YELLOWSTONE NATIONAL PARK, Wyo. -- It's been 25 years since wolves were brought back into Yellowstone National Park, and park officials say the animal's future is on track to continue to be a healthy, contributing member of the Yellowstone family.

Park representative Linda Veress says wolves have a significant role to play in the park's ecosystem.

Elk population numbers were very high at the time of reintroduction, and their overgrazing resulted in loss of willow and aspen. Wolves helped bring elk numbers back to normal levels.

"With the decrease in elk populations, the willow and aspen had a chance to rebound and recover, which also resulted in bird populations increasing," Veress explains.

After decades of habitat loss and extermination by humans, wolves vanished from their historic territory.

Wolves were placed on the Endangered Species List in 1973, and the U.S. Fish and Wildlife Service designated Greater Yellowstone as a key recovery area.

From 1995 to 1997, 41 wild wolves from Canada and Montana were released into the park.

The program has been controversial, with hunters concerned about loss of game and ranchers concerned about the safety of livestock.

According to the group Defenders of Wildlife, elk populations across Wyoming have gone up in the past 25 years, and just one tenth of 1% of livestock numbers have been lost since the reintroduction.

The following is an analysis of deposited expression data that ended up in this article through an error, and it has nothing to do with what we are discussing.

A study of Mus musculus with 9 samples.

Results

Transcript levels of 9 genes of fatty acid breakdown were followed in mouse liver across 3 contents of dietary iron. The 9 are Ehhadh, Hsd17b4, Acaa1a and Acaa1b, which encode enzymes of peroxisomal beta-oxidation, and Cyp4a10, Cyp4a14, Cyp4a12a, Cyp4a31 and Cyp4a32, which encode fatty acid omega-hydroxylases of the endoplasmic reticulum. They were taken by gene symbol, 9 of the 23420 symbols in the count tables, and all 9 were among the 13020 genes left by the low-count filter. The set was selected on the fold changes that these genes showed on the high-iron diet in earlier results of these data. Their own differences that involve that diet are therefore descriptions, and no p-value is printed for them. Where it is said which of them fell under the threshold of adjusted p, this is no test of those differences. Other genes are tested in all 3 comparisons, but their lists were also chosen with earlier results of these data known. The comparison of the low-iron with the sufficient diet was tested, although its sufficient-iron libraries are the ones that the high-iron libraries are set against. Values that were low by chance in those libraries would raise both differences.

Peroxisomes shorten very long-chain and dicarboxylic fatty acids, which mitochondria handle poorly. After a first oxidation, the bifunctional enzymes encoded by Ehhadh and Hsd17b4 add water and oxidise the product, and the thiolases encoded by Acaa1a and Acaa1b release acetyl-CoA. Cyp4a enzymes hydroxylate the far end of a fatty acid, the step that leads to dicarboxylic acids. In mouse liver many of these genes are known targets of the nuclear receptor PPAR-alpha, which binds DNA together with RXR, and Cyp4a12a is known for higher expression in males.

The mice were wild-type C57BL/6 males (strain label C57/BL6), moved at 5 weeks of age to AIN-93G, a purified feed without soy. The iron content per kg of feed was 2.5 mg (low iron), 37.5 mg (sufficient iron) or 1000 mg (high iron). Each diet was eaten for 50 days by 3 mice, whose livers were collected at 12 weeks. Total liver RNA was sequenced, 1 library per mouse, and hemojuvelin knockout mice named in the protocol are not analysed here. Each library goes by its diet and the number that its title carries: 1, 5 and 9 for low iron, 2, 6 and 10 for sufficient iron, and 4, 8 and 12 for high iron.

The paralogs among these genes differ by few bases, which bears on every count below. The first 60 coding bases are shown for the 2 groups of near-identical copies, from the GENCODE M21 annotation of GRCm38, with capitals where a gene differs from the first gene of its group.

Wolf numbers have climbed as well.

Veress says as of December 2018 there were some 80 wolves in nine packs in the park, which she says is a stable population.

"The number one cause of mortality in wolves in the park are by other wolves, just in competition for food and for territory," she points out.

Park officials have several events planned to commemorate the 25th anniversary, notably a weekly series of live broadcasts on Facebook starting in March.

Experts will cover topics including the ecological role of wolves in the ecosystem, the global impact of reintroduction and the future relationship between wolves and people. Details are online at www.nps.gov/yel.